East of Anywhere But Here

WRITTEN BY: Steve Gilbert

Some many years ago, before Lia’s diagnosis for type one diabetes, before even Lia, herself, my wife, Franca, and I shared with one another the titles of favorite novels. It was a rich and deeply personal glimpse into the people we were before — and also after — she and I had become a thing. At the end of the conversation we each made a commitment to select one title off our own list for the other to read. She chose East of Eden, and I All the Pretty Horses.

Franca went first and what followed were many wonderful evenings discussing passages from McCarthy’s stark and beautifully rendered prose. His is a stripped-down, vigorous version of storytelling that I greatly respect and strive for in my own writing. Franca knows this, she encourages it and lifts me when I feel utterly incapable. More than that though, something happens when two people share in the reading of a good book. The relationship changes — it stretches, deepens, recalibrates. We are reminded again that the story of life is its journey and not merely where one winds up.

My turn was next and all I can say about that experience was that I tried, and I did try, many times to read her book. But on every occasion I started East of Eden, I failed to get past the novel’s memorable opening descriptions of the Salinas Valley long enough to become involved in the Cane/Abel story, all of which had been clearly penned by an enormously gifted writer. I kept putting it off until putting it off became the story. An inside joke, just between us.

“Starting it again?” she would ask whenever the novel would reappear on my nightstand.

“This time will be different.”

“Oh, okay.”

“No, really. It will.”

“Can’t wait.”

The night, then the days, then the weeks would pass, and eventually the book would find its way back to a more permanent spot on the bookshelf, as would my dedication to read it.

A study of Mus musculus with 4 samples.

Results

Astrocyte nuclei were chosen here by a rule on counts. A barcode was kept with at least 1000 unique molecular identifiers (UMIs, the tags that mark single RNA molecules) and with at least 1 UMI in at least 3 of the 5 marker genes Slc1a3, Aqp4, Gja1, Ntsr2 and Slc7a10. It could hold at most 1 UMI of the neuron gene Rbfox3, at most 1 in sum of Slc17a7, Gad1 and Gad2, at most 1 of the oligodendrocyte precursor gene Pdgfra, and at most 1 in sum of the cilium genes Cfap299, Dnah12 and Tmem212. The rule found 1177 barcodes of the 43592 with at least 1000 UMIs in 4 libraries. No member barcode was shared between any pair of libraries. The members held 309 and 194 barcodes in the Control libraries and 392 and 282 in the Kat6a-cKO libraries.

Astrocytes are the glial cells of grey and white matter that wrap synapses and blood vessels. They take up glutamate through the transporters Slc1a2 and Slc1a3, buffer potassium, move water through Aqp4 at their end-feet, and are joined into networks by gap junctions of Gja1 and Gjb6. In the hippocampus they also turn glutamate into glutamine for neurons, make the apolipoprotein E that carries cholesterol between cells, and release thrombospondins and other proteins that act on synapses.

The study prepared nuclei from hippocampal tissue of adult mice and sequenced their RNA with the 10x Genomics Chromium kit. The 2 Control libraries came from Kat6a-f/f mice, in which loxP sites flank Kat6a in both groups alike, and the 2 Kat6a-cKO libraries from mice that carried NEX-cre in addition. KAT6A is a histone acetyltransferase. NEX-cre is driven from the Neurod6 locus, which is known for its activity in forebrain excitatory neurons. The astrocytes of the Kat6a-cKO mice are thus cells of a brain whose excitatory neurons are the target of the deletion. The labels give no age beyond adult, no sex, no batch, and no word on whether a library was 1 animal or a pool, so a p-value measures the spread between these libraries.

The years came and went and so too came diabetes, and our marriage shifted course once again as we became fiercely entwined in the administration of multiple daily injections, the factoring of carbs, finger pricks, nighttime glucose checks, and on and on … the battle with the constant, ever-present worry of what if something we did went wrong: a miscalculation, a grossly overstated carb count, sleeping through the one a.m. alarm. The people we were before — or were well on our way to becoming, our story — took a backseat to the worrisome defense against this invisible enemy. Ours had become an extreme reality, a celebration not of our favorite things or of growing closer together, but one of shock and survival; and our marriage felt more like a brotherhood, a saga of two war-weary soldiers facing the chaos together.

It was this feeling of detachment from her that finally brought me back to East of Eden, and this time I read it and as I did I could feel myself becoming part of this thing she so loved and has loved for many years. It renewed my strength and reminded me of the joy of simply being together. Of taking the time to talk, to reflect, to plan, to be in the moment. To do something kind for someone you love, just because. These are the emotional terrains of marriage, not some war zone.

So I finished the book and I knew then why she so loved it. The story was beautiful, brutal and rousing, all of the things she had promised. But more important than the novel and the harmony it inspired in me is what I hope my reading it said back to her: You’re important to me. You matter.

Read Unconscious by Steve Gilbert.


Steve Gilbert

Steve is a writer, husband and father of three, the youngest of which, Lia, was diagnosed with Type 1 in 2009 at the age of eight. Since then he has shared their story on the blog, Without Envy. Steve has served on his chapter’s executive board of JDRF, with his contributions embodying the spirit of community, outreach and raising awareness. He is also a novelist and serves as the Director of Operations and Social Mission for a small, friend-owned, natural products company operating out of Raleigh, NC. He, his wife, Franca, and family enjoy being outdoors, backpacking, cooking, and living a sustainable, health-conscious life. In 2013, they hosted a foreign exchange student from Germany who also has Type 1. Zuza has become like another daughter to them.